Cryptocurrency Fraud is hot right now, and whenever something is hot, hackers pay attention. Research has recently showing that more than 10 percent of all the funds that were raised through the ICOs, initial coin offerings, simply disappeared.
It is popular for ICO’s to be used as an early-stage investment form. So, instead of buying shares, investors buy digital tokens. However, the companies that sell these ICOs don’t have any product to give investors except a whitepaper.
This whitepaper tells them how things could theoretically work, the investment scheme, but it seems, it doesn’t always happen that way.
Cryptocurrency Fraud – Sometimes the Money Just Disappears
Ernest & Young took a look at over 370 ICOs. The firm found that out of the $3.7 billion raised through these offerings, about $400 million vanished. Where did it go? Research shows it went to hackers using phishing attacks.
It’s not clear if the researchers looked at companies that didn’t deliver or disappeared. For instance, one company, Tezos, pulled in about $232 million during an ICO. However, investors got nothing. That looks like Cryptocurrency fraud.
How Malware is Responsible for Cryptocurrency Fraud
At this point, you might be wondering how these scams are happening. One way is criminal hackers using malware. Specifically, it’s Satori. Satori, which is the actual malware responsible for this, is definitely wreaking havoc with investors who are looking for a huge return.
Netlab 360, a Chinese-based company, released a report recently pointing the finger at Satori, which is affecting the Claymore Miner software.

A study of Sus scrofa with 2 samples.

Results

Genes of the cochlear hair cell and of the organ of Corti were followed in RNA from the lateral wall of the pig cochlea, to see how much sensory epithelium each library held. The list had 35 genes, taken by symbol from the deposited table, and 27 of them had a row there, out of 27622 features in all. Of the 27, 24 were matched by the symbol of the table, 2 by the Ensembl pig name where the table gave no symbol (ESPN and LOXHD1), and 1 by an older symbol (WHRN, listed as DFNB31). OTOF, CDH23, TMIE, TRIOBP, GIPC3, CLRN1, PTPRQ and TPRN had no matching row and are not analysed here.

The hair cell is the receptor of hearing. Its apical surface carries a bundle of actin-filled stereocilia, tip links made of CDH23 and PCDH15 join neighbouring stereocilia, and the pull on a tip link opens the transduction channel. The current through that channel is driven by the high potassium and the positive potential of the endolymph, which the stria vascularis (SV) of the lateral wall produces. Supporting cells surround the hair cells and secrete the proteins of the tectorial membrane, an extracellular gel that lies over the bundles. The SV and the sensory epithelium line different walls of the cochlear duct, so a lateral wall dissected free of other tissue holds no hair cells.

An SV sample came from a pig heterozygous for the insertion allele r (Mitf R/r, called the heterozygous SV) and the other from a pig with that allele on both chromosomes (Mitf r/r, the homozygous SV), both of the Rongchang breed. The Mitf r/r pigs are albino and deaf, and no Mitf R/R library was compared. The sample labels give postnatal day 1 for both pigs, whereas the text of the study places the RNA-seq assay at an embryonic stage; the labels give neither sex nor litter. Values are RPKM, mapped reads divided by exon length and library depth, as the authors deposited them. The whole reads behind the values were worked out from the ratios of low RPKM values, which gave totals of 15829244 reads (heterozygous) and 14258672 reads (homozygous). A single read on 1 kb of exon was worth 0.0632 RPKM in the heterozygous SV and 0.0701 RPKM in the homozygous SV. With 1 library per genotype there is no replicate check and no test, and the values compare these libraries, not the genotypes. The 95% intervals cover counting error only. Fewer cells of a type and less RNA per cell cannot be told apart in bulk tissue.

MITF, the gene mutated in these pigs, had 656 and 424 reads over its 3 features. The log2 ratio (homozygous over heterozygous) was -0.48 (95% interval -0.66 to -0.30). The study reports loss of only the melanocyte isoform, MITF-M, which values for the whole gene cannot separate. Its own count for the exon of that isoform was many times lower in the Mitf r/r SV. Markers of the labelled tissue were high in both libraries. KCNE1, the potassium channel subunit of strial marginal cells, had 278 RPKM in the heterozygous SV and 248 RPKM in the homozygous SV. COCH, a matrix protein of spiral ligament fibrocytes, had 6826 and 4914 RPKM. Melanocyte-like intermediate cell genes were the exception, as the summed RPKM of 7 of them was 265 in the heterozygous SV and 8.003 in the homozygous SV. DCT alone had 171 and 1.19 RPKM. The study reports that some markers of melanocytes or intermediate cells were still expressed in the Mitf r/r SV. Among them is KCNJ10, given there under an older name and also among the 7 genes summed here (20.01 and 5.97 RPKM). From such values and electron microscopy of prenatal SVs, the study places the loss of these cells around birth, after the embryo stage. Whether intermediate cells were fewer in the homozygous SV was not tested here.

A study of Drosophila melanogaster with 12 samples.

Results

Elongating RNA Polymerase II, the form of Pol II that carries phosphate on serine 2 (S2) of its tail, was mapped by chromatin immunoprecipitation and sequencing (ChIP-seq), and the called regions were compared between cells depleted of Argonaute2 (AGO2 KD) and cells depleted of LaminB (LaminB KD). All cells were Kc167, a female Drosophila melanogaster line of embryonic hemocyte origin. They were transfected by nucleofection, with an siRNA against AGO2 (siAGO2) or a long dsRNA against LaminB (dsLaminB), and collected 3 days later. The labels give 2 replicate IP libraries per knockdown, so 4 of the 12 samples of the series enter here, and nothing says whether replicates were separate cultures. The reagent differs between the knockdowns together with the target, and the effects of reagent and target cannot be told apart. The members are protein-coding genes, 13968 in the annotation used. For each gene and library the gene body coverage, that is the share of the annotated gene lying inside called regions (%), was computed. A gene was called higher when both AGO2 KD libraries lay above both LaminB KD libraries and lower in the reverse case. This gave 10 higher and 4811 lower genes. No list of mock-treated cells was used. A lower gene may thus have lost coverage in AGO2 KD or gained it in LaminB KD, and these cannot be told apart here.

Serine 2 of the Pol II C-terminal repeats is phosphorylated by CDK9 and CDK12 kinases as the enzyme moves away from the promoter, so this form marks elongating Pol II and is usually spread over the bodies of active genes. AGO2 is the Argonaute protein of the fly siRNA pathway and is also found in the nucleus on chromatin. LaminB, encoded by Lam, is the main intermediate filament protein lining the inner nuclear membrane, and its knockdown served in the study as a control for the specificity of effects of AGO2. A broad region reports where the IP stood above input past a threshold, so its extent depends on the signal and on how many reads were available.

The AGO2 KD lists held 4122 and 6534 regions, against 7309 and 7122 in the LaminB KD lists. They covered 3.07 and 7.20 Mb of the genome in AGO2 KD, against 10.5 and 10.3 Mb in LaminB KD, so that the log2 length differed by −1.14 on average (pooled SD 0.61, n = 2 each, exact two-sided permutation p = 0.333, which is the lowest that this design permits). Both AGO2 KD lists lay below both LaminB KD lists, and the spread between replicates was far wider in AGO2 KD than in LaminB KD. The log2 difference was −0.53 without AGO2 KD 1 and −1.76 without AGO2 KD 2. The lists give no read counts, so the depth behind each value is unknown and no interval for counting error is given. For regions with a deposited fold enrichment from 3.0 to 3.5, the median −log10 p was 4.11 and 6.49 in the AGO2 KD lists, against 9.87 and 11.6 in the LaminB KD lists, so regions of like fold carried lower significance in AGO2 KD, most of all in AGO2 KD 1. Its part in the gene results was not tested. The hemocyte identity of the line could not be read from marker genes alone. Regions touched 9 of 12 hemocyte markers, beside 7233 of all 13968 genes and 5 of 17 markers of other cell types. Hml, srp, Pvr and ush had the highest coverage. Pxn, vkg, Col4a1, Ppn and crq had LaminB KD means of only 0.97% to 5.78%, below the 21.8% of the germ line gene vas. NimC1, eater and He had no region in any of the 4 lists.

By using mining software, investors are able to obtain the cryptocurrency. However, the malware is making this impossible getting in the middle of the transaction. After the malware gets control of the software, it replaces the address of the wallet with one that is controlled by the hacker.
So, the user believes that this currency is coming into their wallet, but in reality, they are doing the work and someone else, the hacker, is getting the currency. What’s even worse is that the owners of the wallets don’t even realize this is happening unless they look at their software configuration.
In total, researchers have determined just over one Etherium coin has been hacked, so it’s not extremely profitable at this point, yet. However, there is great potential, and when it comes to cybercriminals, they will certainly find a way.
Written by Robert Siciliano, CEO of Credit Parent, Head of Training & Security Awareness Expert at Protect Now, #1 Best Selling Amazon author, Media Personality & Architect of CSI Protection Certification.